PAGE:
Britain bouncing back after coronavirus lockdown with 90% of businesses open and millions of shoppers on high street
BRITAIN is definitely bouncing back with nine in ten businesses open again, figures revealed today.
The first official statistics detailing the return from lockdown reveal High Street and shopping centre activity is picking up.
Experts and MPs have welcomed statistics showing that more people are getting out and about and boosting business after the Covid-19 crisis.
The figures show nine in ten drivers have returned to the road and millions of shoppers are back on the High Street.
But many office staff are failing to get back to work — which is affecting city centres.
PM Boris Johnson looked at the positives and hailed the “hugely encouraging” signs.
The Office for National Statistics data showed footfall at all retail locations is up to 68 per cent from a low of around ten per cent in early April.
Shopping centres and High Streets are back to 60 per cent of last year's levels of visitors.
Ninety-three per cent of businesses are back open. Seventy-seven per cent of firms said there was no risk or a low risk they could go bust.
A third said lockdown had not affected their turnover for this year. But half said they had seen a decrease.
Just one in eight of the workforce remains on furlough.
Chancellor Rishi Sunak’s Eat Out to Help Out Scheme to boost restaurants, cafes and pubs was used 11 million times last week.
Data up to Monday of this week showed road traffic just nine per cent lower than the equivalent Monday in February.
Britain’s White Van drivers are back to 100 per cent of pre-Covid-19 rates.
ONS senior statistician Chloe Gibbs said: “Road traffic data shows the number of car journeys is returning to normal levels as people venture out to shops and travel to work.”
But many huge firms are still telling workers to stay home and it is having a major knock-on effect on rail, Tube and bus commuter numbers and the wider urban economy.
It is a huge blow for cities like London, Birmingham and Manchester. Their centres became ghost towns during lockdown.
Cafe chains including Pret a Manger have announced job cuts as a result of having fewer customers.
Rail usage has slumped to 23 per cent of last year’s levels, the Tube at 30 per cent and buses at 41 per cent.
Tonight Tory grandee Iain Duncan Smith warned: “Office workers, civil servants, those in big companies are really being shown up by the self-employed and small businesses who are all getting back to work and are thus helping the economy.
“It's down to these businesses and their office workers to recognise their responsibility, and get back to the office so they can help all the smaller businesses, the cafes, restaurants and bars in the centre of our towns and cities, so they are able to prosper again.”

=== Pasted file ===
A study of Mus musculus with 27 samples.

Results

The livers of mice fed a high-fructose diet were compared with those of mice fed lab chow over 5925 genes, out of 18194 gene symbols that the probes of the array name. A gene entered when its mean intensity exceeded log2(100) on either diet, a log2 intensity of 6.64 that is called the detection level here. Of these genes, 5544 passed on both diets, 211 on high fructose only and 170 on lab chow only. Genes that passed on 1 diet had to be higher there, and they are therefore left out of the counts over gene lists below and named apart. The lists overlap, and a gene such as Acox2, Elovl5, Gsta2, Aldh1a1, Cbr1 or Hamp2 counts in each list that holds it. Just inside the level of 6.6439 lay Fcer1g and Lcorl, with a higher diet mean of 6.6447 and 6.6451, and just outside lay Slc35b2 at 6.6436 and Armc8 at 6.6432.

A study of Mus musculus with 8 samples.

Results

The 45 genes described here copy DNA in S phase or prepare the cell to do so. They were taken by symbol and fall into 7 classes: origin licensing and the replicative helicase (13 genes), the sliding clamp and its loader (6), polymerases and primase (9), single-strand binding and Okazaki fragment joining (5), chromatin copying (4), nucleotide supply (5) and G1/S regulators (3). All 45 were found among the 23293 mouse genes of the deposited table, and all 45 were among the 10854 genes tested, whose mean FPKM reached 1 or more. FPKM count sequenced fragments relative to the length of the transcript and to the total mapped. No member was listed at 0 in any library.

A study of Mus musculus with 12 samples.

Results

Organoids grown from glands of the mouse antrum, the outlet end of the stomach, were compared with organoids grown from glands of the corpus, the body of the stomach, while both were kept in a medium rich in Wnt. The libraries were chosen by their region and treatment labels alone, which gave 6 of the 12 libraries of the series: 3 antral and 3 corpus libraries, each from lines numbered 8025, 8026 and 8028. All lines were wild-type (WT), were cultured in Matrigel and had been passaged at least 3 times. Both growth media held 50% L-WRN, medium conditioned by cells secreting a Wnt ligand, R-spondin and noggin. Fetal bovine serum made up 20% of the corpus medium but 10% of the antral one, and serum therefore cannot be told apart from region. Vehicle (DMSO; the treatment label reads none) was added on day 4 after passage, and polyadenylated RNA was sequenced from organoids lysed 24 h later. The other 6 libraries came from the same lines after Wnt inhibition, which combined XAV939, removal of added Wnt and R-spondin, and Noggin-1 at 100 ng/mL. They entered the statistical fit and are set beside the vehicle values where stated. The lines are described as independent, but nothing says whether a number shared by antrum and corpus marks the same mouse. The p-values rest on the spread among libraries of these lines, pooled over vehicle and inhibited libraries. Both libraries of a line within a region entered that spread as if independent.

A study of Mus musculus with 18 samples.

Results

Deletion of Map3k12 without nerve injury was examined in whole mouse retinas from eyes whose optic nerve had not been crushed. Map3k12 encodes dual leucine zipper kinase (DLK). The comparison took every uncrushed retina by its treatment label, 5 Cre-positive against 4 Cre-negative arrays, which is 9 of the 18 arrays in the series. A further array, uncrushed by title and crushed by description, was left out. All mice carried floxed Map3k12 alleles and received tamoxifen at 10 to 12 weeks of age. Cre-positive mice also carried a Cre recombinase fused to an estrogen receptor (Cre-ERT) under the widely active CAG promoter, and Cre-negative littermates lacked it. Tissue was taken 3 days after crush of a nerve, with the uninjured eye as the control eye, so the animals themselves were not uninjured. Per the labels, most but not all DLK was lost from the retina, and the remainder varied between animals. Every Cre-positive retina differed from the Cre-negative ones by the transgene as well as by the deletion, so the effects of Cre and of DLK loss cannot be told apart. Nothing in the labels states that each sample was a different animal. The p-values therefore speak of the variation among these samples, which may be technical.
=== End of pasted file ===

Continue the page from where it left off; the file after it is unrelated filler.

A No10 spokesman said: “This data shows our economy and society have reopened successfully — and it is hugely encouraging this has happened without a resurgence in the virus.”
Vital we get city centres buzzing
By Theo Paphitis, Dragons' Den tycoon
WE all faced tough times during lockdown and only when it was right did Prime Minister Boris Johnson give the green light for our shops to reopen.
But customers have stayed away in droves, leaving the retail landscape looking like a series of ghost towns.
Figures from the Office for National Statistics estimate that around 28,000 people in England currently have the coronavirus — less than 0.05 per cent of a population of around 60million.
And while our neighbours in Europe have flocked backed to their offices, we’ve been more wary over here.
Around 83 per cent of French white-collar workers are back at their desks, 75 per cent of Italians and 70 per cent of Germans.
Here, it is just 33 per cent.
That has a knock-on for those city centre businesses that rely on those workers for trade, such as sandwich shops and dry cleaners.
Not forgetting trains and buses that ferry workers around.
Already the job losses are piling up, with Marks & Spencer announcing it is shedding 7,000 staff over the next three months.
I fear it could get a lot worse with many more thousands of jobs lost across the High Street.
Pre-Covid, there was the hustle and bustle of happy shoppers thronging the stores while office workers were spending in their breaks.
It breaks my heart to know that shoppers are staying away in their millions and thousands of staff are losing their jobs, with countless businesses being brought to their knees.
But it’s not just down to the public, we need action right from the very top of government.
People need to have their confidence boosted, and while everyone appreciates we are in unprecedented times and it is tough, it is also the responsibility of the Government to show the way back, just like our counterparts have done in Europe
We need support for entrepreneurs with low rents in new or abandoned units.
And councils could use their compulsory purchase powers to turn empty buildings into places where businesses can thrive once more with good, safe public transport.
Add to that safe cycling, rent “holidays” and flexible-term agreements to help get businesses back on their feet.
So come on shoppers, shop and office workers, let’s get our High Streets and city centres buzzing again.
- Retail magnate Theo Paphitis, known for appearances on the BBC business programme Dragons’ Den, owns stationery specialists Ryman, Robert Dyas and lingerie brand Boux Avenue.